The 12th studio album by these well-respected UK-based alternative rockers should not disappoint their loyal fan-base and should also be something special for those who aren’t so familiar with their style. Beginning with a tribal and prominent drumbeat to the backdrop of some spacious atmosphere, Horsemen gets the journey off to a fine start.
Four years in the making of an album is more than sufficient in which to bring about some strong material, and with all 14 tracks New Model Army do just that. Second track March in September brings a hook-laden and familiar quality which adds to its palette whilst Seven Times maintains this solid opening salvo. Between Dog and Wolf is a real highlight as an album, and will hopefully make many people’s ‘best of’ list at the end of this year.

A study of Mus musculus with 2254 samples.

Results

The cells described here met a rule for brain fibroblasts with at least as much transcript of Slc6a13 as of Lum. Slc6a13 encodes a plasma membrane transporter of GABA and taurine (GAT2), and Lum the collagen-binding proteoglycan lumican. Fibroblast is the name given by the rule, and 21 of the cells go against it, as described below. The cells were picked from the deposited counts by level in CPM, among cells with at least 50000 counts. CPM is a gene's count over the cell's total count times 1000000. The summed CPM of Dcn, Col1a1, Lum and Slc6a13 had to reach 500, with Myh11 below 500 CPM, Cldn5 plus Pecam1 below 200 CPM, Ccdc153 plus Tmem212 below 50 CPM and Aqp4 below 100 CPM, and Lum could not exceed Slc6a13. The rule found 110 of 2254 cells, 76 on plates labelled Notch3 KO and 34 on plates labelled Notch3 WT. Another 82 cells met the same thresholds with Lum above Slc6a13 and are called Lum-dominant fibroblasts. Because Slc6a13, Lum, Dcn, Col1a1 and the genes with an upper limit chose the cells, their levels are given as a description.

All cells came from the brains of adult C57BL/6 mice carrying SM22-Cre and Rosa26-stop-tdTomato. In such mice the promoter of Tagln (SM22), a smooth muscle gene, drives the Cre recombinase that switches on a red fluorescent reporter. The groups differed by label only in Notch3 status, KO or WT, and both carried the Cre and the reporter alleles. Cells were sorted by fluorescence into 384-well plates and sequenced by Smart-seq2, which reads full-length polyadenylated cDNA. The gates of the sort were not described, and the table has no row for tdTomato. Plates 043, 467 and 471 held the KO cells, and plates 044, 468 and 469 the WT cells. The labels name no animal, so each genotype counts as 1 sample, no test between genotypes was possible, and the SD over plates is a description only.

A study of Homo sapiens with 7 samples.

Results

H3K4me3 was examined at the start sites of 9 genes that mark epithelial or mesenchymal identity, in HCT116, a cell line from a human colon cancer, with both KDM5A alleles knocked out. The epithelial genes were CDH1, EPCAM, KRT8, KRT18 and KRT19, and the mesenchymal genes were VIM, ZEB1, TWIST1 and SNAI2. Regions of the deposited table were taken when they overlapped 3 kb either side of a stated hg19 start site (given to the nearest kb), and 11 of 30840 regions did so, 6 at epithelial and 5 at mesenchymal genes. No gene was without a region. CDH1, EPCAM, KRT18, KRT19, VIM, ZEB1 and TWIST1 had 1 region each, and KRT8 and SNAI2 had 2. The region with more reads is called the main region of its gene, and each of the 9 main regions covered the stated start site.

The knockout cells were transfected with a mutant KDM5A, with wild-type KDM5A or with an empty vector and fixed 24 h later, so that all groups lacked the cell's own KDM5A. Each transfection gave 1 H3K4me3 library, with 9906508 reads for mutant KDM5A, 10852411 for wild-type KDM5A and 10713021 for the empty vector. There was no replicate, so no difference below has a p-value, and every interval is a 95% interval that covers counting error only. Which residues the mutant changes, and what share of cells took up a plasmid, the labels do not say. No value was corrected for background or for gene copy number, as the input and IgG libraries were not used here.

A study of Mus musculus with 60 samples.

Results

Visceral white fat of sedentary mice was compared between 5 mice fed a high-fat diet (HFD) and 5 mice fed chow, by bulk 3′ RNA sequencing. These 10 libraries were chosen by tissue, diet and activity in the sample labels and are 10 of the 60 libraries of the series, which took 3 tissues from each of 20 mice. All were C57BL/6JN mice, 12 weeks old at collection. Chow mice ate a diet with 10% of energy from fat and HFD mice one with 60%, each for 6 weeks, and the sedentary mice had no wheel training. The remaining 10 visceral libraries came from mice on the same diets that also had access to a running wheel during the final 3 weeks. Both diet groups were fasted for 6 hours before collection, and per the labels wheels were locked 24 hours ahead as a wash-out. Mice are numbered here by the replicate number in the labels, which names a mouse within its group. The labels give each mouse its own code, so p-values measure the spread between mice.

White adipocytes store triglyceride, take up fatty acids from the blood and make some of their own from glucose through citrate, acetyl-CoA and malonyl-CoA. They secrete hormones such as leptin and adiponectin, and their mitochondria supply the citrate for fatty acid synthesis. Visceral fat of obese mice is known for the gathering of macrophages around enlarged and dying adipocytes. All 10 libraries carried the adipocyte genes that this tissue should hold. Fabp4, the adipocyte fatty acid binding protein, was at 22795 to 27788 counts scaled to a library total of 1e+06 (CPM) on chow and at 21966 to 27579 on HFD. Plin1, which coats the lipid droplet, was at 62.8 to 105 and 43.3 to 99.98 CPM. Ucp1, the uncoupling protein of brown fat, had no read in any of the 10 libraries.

Everything from their dedication to their hometown and immediate surroundings of Yorkshire, England in the shape of Summer Moors, to the epic and politically fuelled Qasr El Nil Bridge and the poetic observational nature of the Evel Knievel inspired Knievel, this album sizzles with a genuine heart and integrity that you don’t feel every time you put on an album.
Is this all the direct result of Justin Sullivan and band adopting a new approach to recording after the previous three albums were hammered out live in a studio? Taking their time, they have layered the music and addressed certain sonic-based aspects of the recording process to deliver what is a stunning example of what can be achieved in the studio. Apparently the mere principle of familiarity has triggered this new direction.
Ghosts acts as a great bookend to this album retaining the quality and musical continuity that solidifies the album as a whole which showcases many highlights. It’s a remarkable achievement when you listen back to an album and cannot identify a specific song that stands out from the others.